Cultural Judgment, Reissued: Tom Wolfe's First Book And 'New Journalism' A reissue of Tom Wolfe's debut book serves as a reminder of what it means to be an "outlander."
NPR logo Cultural Judgment, Reissued: Tom Wolfe's First Book And 'New Journalism'

Cultural Judgment, Reissued: Tom Wolfe's First Book And 'New Journalism'

The cover of Tom Wolfe's 'The Kandy-Kolored Tangerine-Flake Streamline Baby'.

by Martha Woodroof

Many years ago, say in 1966, I ate dinner in the same Rice University college dining room as Muhammad Ali and fell in love with the man's mouth, his attitude, his playfulness, and his ability to make us lily-white, well-mannered, certifiably intelligent college kids a wee bit nervous. We were of one culture; he was of another. Or rather, we were of one culture; he was Muhammad Ali -- a culture unto himself.

It was an evening I'd mostly forgotten about until just now, when I read Tom Wolfe's essay "The Marvelous Mouth," first published by Esquire in October 1963. The piece was subsequently collected, with 21 others, in Mr. Wolfe's debut book, The Kandy-Kolored Tangerine-Flake Streamline Baby, which, just this month, has been reissued by Picador in a spiffy new paperback.

The New Journalism and the eternal "outlander," after the jump.

And there he was again, Cassius Clay/Muhammad Ali, rising up from the page; mouth, attitude et al; discomforting, delighting everyone around him; the quintessential new journalistic subject for the quintessential new journalist. These essays pretty much birthed the 1960s New Journalism -- reportage in which information is embedded in narrative, place, point-of-view, everyday details.

Tom Wolfe revels in chronicling the kind of cultural rub I experienced in that college dining hall all those years ago. The essays in Kandy-Kolored Tangerine-Flake Streamline Baby are his accounts of hanging out with society's outlanders (his term) -- Cassius Clay, Cary Grant (I kid you not), Murray the K, Baby Jane Holzer, Car Customizer Supremo Ed "Big Daddy" Roth. Wolfe chronicles outlanders as a wickedly witty way to examine mainstreamers, as though the clearest view of a society is from beyond its pale.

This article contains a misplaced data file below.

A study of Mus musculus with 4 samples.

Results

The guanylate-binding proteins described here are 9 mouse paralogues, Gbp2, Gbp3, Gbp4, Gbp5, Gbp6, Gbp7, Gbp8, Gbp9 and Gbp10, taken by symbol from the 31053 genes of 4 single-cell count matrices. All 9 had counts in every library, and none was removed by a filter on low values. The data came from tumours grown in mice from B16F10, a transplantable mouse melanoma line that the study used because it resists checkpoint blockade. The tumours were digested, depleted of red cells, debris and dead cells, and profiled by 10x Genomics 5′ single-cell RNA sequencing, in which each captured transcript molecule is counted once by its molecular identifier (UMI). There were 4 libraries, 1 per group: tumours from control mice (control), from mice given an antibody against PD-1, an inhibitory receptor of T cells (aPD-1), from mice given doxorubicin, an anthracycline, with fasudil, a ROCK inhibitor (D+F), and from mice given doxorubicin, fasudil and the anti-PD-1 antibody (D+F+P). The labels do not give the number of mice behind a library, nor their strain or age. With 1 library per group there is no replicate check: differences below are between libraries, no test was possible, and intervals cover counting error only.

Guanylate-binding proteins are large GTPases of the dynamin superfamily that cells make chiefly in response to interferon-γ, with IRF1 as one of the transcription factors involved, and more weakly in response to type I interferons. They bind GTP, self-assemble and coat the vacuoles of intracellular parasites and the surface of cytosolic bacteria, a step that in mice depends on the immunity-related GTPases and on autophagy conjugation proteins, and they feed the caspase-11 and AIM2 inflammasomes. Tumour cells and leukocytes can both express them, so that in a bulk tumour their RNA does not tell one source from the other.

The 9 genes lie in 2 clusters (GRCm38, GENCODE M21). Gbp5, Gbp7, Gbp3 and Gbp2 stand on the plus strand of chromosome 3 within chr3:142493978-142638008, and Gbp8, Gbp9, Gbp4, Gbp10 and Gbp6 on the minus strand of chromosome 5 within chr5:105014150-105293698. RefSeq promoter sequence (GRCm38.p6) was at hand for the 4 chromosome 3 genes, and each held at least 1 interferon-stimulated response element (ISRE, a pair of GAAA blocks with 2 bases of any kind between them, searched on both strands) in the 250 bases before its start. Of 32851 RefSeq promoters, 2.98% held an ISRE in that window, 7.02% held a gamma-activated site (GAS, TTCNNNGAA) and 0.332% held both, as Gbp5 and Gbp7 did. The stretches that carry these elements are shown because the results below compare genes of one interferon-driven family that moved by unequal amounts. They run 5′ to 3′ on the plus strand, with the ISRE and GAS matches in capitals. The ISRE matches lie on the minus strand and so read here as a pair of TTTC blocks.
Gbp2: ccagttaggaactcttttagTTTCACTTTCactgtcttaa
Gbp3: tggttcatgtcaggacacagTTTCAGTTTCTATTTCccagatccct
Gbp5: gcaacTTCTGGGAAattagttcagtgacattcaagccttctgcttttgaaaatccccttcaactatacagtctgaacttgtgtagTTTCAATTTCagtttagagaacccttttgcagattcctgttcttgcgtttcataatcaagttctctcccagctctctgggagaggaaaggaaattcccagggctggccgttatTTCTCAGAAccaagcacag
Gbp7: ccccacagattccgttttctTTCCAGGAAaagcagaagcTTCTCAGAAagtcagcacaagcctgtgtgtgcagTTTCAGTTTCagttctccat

In 1965, Tom Wolfe, himself, was a journalistic outlander. When Kandy-Kolored came out, Dwight McDonald, a self-described defender of tradition, wrote 4000 words in The New York Review Of Books about how much he hated the whole concept. And I mean hated it.

A new kind of journalism is being born, or spawned. It might be called 'parajournalism,' from the Greek para, 'beside' or 'against': something similar in form but different in function ... Parajournalism seems to be journalism -- 'the collection and dissemination of current news' -- but the appearance is deceptive. It is a bastard form, having it both ways, exploiting the factual authority of journalism and the atmospheric license of fiction. Entertainment rather than information is the aim of its producers, and the hope of its consumers.

Could a writing outlander ask for higher praise from the tired, old, snobbish, writerly establishment? No!

Kandy-Kolored is among a dozen or so Tom Wolfe titles that Picador either has reissued or will reissue, and readers have been happy to buy them. Picador VP and Publisher Frances Coady reports that 50,000 copies of both The Right Stuff and The Electric Kool-Aid Acid Test have sold since being republished in 2008.

Outlanders vs. the establishment; literary entertainment that just keeps on entertaining.

Martha Woodroof is a reporter and producer for WMRA, where she also blogs about all manner of nifty stuff.